The Reichert Ocular Response Analyser (ORA, Reichert ophthalmic instruments, Buffalo, NY) is a modified non-contact tonometer that allows individual quantification of corneal biomechanical properties such as corneal hysteresis (CH) and corneal resistance factor (CRF) and allows to correct for them to obtain more accurate intracocular pressure readings (IOPcc). The aim of this study was to evaluate the reproducibility of CH, CRF, and IOPcc measurements in normal eyes and to compare the latter with that of Goldmann applanation tonometry (GAT).
This was a cross-sectional study on 92 eyes of 92 healthy subjects (age 41.86±17.2 yrs, 54 females, 38 males). Beside a complete ophthalmological evaluation axial length, anterior chamber depth, refractive error, corneal curvature, and central corneal thickness (CCT) were taken. Three GAT readings were recorded and 3 groups of CH, CRF and IOPcc measurements, each of three readings, were obtained by ORA, and the average of each group was used for statistical analysis. The reproducibility of measurements was quantified by coefficient of variation (CV) and compared between instruments by Wilcoxon Sign-Rank test.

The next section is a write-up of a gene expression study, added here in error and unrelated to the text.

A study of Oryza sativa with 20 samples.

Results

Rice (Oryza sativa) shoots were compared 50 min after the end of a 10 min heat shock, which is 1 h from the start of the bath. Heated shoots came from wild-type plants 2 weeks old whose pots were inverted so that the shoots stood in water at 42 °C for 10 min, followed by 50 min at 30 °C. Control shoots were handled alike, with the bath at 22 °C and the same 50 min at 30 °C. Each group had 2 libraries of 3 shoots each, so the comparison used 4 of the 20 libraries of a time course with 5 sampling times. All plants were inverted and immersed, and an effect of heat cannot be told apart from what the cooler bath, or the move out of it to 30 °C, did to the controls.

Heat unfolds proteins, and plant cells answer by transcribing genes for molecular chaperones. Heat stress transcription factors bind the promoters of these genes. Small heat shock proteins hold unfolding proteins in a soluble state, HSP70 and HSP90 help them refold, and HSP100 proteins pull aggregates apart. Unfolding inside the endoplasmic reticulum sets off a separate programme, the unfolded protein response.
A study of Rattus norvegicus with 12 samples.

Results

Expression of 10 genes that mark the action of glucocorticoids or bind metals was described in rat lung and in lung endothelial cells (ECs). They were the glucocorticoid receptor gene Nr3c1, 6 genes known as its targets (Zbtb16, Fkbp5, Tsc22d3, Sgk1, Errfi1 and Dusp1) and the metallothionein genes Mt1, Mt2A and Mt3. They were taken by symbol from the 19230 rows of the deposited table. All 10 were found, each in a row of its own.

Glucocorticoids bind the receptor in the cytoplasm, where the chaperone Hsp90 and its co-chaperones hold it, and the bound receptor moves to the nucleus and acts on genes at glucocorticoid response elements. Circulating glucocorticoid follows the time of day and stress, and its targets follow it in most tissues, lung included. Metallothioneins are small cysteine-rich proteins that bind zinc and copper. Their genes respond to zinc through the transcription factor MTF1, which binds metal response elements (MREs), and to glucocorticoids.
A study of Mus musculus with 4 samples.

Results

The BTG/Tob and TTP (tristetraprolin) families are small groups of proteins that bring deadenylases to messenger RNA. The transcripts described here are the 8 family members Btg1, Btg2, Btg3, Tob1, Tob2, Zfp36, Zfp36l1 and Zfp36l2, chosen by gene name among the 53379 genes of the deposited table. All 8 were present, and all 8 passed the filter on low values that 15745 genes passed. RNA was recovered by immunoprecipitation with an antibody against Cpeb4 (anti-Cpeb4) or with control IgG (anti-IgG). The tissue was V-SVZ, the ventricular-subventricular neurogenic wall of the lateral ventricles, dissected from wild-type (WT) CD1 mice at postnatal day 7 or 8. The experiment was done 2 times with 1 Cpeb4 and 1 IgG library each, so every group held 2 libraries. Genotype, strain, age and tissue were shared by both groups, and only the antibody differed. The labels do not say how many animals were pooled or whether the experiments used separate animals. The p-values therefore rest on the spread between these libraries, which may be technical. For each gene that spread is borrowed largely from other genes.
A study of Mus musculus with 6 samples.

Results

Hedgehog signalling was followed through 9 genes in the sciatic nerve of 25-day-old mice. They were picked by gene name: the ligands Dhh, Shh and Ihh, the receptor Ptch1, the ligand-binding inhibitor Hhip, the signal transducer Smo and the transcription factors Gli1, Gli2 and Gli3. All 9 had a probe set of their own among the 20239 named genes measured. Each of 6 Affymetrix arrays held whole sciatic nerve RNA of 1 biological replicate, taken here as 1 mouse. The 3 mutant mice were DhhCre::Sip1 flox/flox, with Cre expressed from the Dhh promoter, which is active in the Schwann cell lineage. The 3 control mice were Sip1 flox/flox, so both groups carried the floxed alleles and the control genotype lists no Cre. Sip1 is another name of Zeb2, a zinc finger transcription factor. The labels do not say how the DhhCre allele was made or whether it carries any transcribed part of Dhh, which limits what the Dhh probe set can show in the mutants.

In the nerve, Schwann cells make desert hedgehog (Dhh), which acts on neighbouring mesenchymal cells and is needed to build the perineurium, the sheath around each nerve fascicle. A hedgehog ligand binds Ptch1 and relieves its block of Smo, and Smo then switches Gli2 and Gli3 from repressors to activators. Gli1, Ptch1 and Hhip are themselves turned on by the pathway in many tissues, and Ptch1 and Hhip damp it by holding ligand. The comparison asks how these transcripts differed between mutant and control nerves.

The mean of IOPcc average readings were 17.0±3.8, 16.3±3.3 and 15.9±3.2 mmHg with a CV of 7.5±3.8. Mean GAT readings were 13.0±2.6, 12.6±2.7, and12.5±2.8 mmHg with a CV of 4.39±3.9. The difference between IOPcc and GAT CVs was statistically significant (p<0.01). Mean CH average readings were 10.4±1.8, 10.6±1.6, and 10.7±1.8 mmHg, with a CV of 5.9±3.6. Mean CRF average readings were 10.8±1.9, 10.7±1.9, and 10.7±1.96, with a CV of 4.9±3.0.
Corneal biomechanical responses measured by ORA are highly reproducible. ORA corrected IOP measurements showed a good reproducibility although lower than that of GAT measurements in healthy subjects.